The article below originally appeared in the San Mateo Daily Journal and is being reprinted with permission.

Craig Venter

Craig Venter

Most who knew Craig Venter during his formative years in Millbrae would have howled laughing at anyone predicting the distracted youngster would go on to decode the book of life.

But the world-renowned doctor is returning home to share with his native community an unconventional journey beginning as a disengaged Mills High School student and leading to recognition as an icon in the study of genomics, biology and medicine.

“I am probably the least likely graduate from Mills to be receiving an honor of their most distinguished graduate,” said Venter, 70, ahead of two ceremonies Wednesday, Jan. 24, at the Millbrae high school during which he will receive recognition from his alma mater and city officials.

Venter’s list of prestigious accolades includes receiving the National Medal of Science in 2008 from former President Barack Obama and being listed among Time Magazine’s 100 most influential people. The honor were primarily due to his pioneering work in successfully sequencing the human genome — referred to colloquially by the scientific community as the book of life.

But rising to such heights would have seemed exceedingly unlikely to anyone who knew Venter circa 1960, when he was more likely to be found at the beach in pursuit of the next great wave than the science lab.

“Craig, as we knew him was a terrible student, more interested in the three ‘Ss’ (swimming, shop and surfing) than the three ‘Rs,’” said his former classmate Thomas Kay in an email. “He barely graduated high school and had no direction.”

Venter shared a similar recollection, claiming he was only able to escape high school by the skin of his teeth.

“I graduated only because I got a D rather than an F,” he said. “I didn’t even make it to the list of those least likely to succeed.”

Following his graduation, Venter moved to San Diego to pursue a career as a professional surfer, but was drafted to serve in the Vietnam War, where his interest in medicine was sparked.

“Using knowledge to save lives totally changed my outlook on life and desire to learn,” he said.

Following his time in the military, Venter enrolled at the College of San Mateo where he met teachers who encouraged him to pursue a career in health care by transferring to the University of California at San Diego, the institute he credits for finally hooking him on the thrills of scientific discovery.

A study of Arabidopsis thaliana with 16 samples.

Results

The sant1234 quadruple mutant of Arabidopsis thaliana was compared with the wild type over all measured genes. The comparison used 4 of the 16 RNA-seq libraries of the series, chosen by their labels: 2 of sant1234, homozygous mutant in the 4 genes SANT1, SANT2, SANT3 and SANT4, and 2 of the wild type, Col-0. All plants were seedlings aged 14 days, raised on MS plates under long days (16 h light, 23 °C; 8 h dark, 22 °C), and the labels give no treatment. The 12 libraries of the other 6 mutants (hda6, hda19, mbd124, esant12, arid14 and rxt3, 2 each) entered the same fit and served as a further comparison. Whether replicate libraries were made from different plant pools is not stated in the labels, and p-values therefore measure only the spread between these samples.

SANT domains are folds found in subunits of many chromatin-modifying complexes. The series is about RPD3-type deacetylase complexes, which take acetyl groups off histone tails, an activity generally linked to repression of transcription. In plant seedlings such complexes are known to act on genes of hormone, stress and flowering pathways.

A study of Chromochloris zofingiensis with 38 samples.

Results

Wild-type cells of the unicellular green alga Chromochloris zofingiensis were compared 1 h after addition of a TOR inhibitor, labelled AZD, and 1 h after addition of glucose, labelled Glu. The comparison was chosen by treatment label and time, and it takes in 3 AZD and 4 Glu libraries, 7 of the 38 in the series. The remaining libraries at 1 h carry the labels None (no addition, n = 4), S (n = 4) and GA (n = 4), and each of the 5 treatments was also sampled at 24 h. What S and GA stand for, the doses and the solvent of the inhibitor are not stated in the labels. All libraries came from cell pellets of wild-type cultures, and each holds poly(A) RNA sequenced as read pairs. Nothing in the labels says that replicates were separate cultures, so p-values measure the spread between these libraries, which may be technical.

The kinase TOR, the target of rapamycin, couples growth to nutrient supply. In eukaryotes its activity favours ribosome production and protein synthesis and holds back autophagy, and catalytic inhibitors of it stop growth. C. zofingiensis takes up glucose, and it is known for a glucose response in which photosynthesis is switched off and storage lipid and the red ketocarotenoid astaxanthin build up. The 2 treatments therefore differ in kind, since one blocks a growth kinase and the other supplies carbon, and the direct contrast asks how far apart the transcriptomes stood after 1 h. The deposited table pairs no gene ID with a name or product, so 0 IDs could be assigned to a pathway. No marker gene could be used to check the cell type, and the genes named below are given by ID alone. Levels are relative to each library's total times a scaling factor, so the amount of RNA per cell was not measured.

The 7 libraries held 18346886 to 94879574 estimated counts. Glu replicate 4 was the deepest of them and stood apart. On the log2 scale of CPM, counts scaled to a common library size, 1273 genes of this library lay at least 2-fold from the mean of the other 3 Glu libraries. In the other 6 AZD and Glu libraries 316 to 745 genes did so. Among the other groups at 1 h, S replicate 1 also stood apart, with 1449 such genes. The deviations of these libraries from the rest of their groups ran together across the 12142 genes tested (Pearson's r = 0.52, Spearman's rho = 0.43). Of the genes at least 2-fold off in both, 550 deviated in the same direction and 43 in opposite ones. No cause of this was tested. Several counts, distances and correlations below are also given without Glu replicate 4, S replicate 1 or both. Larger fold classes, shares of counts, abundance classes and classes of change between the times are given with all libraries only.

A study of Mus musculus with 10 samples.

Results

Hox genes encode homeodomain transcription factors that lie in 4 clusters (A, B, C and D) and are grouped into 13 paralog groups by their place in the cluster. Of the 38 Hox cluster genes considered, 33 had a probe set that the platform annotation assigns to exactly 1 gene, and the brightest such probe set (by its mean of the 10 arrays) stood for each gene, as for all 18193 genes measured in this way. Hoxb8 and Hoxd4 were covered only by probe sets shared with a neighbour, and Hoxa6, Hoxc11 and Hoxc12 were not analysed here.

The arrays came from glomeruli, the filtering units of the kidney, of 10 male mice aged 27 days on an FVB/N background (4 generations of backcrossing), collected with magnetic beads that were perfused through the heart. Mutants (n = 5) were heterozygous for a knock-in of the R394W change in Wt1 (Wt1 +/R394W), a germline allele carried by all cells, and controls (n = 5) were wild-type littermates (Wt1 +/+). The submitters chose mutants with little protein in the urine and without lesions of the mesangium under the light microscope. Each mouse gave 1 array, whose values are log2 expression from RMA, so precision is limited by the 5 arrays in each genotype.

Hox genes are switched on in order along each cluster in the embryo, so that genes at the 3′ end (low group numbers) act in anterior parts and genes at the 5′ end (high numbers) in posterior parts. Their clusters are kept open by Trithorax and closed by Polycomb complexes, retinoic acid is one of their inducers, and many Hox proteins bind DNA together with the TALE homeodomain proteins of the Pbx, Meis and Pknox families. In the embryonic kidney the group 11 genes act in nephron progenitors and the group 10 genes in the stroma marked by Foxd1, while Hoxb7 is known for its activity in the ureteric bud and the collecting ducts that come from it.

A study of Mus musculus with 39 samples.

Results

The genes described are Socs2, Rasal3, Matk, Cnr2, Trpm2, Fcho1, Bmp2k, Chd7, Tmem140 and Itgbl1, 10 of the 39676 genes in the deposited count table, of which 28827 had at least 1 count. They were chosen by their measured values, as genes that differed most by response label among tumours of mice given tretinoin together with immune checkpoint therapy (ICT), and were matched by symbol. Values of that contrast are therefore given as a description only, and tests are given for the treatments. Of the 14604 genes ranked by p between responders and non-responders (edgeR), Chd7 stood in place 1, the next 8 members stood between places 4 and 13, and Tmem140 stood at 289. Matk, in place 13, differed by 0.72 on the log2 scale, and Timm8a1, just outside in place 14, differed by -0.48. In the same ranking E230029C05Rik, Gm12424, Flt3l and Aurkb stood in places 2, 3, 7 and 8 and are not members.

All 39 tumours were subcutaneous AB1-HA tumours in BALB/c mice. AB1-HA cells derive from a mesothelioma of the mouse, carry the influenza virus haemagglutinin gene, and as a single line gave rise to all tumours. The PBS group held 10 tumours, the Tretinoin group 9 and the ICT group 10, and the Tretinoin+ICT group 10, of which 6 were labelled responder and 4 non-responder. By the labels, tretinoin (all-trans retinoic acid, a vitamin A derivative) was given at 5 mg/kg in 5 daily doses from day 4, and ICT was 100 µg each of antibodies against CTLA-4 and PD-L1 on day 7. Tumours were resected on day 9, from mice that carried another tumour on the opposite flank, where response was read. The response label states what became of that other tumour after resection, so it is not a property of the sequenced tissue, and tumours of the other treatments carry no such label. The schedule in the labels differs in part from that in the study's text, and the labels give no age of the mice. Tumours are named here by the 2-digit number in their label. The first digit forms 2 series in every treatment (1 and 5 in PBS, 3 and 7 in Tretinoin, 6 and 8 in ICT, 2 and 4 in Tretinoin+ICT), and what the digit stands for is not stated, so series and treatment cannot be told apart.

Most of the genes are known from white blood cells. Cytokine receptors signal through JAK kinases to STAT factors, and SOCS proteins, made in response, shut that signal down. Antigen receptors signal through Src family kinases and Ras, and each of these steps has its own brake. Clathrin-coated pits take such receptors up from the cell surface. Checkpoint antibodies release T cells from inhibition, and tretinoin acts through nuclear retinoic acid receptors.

“When I got into the world where understanding and unique thinking took over, I went from a disadvantage to an extreme advantage,” he said.

The pinnacle of his storied career came years later when Venter led the first team to sequence the human genome, an accomplishment considered by many one of the last century’s greatest scientific achievements.

He also worked to create the first living organism with a synthetic genome and published the first complete version of the human genome — based on his own DNA sequence.

He is also president of the Venter Institute, founder of Human Longevity, Inc., author of two books and is responsible for variety of other ventures designed to further his innovative work in genomics, biotechnology and health care.

“The goal is to fundamentally change the practice of medicine, which is now reactive,” he said.

Much of his work is focused on improving early identification of diseases such as cancer in hopes of enhancing the survival chances for a patient who otherwise might be forced to wait until symptoms of a potentially life-threatening illness begin to show.

“We have much more sophisticated tools than just asking if you feel OK,” he said.

Such ambitious goals combined with an unconventional approach to health care has invited pushback from members of his industry who question Venter’s methods.

“If you feel OK and don’t have any symptoms, you are deemed by our medical system as healthy,” he said. “So why would we screen healthy people? A lot of people could consider that an unnecessary experience.”

In response to such criticism, Venter said his findings have contributed to the diagnosis of his own skin and prostate cancer.

“I’ve had my life saved twice by such knowledge,” he said.

Ultimately, Venter said he believes in the pursuit of innovations offering people the most information available as part of a mission to administer the best possible treatments.

“Knowledge of your own system, if you have it at the right time, it can save your life if you act upon it,” said Venter.

Amidst such an illustrious career, Venter said he is excited to return home and hopefully inspire the next generation of locals who, like him once, may be struggling in a traditional high school environment.

“I give hope to a lot of parents out there, because there are late bloomers and it’s a matter of having the right context for education,” he said.

Considering the unexpected path his life has charted, Venter said he looks forward to taking a break from work to save the world for a chance to reconnect with the community that helped raised him.

“I don’t know how many of the teachers I’ve offended in life are still around and the policemen have all long retired, so it’s fun in so many ways to go back after all these years under very different circumstances,” he said.

Venter will speak for free at 2 p.m. Wednesday, Jan. 25, to Mills High School students, and later to the public at 6:30 p.m. Visit for more information.